On Behalf of | Aug 29, 2017 | Family Immigration

A three-judge panel of the Ninth Circuit Court of Appeals has just been hearing oral arguments regarding the scope and applicability of President Trump’s ban on travel to the U.S. from six predominantly Muslim nations. In July, the U.S. Supreme Court ruled that the ban could not be applied to anyone with “a credible claim of a bona fide relationship with a person or entity in the United States.”

The administration interpreted that to mean that spouses, fiancés/fiancées, parents, children, siblings, and in-laws could come to the U.S. However, it left grandparents, grandchildren, uncles, aunts, nieces, nephews and cousins out, claiming the Supreme Court had not intended these relatives to be allowed in.

It also made a sweeping decision that the ban still excludes virtually all refugees, even those with agreements with a U.S.-based resettlement agency.

By the end of oral arguments on Monday, it appeared clear that the Ninth Circuit panel would expand the types of family members considered “bona fide.” It was not as clear what would happen to the refugees, according to the New York Times.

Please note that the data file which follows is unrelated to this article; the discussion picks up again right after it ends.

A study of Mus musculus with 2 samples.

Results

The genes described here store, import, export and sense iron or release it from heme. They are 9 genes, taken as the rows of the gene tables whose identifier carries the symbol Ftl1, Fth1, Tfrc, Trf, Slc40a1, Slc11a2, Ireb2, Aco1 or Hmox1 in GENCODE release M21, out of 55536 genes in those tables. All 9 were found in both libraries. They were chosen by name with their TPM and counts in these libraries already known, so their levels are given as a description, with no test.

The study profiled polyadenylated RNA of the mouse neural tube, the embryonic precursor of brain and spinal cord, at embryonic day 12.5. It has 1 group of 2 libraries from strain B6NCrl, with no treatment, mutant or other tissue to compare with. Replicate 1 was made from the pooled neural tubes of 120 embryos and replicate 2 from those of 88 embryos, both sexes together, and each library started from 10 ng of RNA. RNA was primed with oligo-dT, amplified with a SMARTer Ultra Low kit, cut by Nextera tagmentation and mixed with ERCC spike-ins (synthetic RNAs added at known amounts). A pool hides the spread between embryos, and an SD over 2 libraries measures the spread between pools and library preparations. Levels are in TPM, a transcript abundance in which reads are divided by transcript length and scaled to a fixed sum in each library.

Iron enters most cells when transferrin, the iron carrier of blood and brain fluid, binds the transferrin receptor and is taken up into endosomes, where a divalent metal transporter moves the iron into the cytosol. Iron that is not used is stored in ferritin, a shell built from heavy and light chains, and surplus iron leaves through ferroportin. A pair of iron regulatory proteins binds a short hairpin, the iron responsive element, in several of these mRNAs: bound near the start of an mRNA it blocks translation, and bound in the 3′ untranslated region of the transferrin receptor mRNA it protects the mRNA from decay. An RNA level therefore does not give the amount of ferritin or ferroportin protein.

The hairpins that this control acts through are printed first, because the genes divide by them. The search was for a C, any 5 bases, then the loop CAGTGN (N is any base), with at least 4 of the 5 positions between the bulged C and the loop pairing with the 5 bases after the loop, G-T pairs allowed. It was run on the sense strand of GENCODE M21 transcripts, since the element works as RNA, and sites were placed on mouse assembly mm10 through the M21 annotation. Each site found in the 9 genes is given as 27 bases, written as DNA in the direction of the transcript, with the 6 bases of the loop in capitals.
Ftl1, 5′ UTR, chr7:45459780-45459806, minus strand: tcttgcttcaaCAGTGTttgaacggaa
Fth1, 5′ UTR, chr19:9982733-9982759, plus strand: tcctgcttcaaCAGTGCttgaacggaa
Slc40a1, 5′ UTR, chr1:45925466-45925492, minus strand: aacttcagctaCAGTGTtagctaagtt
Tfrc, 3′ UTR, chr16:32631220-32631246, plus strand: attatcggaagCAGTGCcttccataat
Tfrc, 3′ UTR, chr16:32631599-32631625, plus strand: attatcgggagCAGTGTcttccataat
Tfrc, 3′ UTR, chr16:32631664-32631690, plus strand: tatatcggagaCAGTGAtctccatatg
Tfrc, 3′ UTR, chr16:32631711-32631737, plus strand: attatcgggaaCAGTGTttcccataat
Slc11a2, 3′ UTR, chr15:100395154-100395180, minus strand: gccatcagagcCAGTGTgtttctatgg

“How can the government take the position that a grandmother or grandfather or aunt or uncles of a child in the United States does not have a close familial relationship?” asked one of the judges.

Ban found unconstitutional by two courts; Supreme Court to consider case in October

The travel ban was originally issued in January and then revised in March. Then, the Fourth Circuit Court of Appeals found it unconstitutionally discriminatory. Next, the Ninth Circuit determined it was unlawful because it exceeded the president’s authority and lacked adequate justification.

In July, the Supreme Court issued the provisional ruling that restricted the ban to those without credible claims of bona fide relationships. It will only remain in force until the Ninth Circuit defines those terms. The high court will hear the case fully beginning Oct. 10, but it will probably be some time after that hearing before a ruling is issued.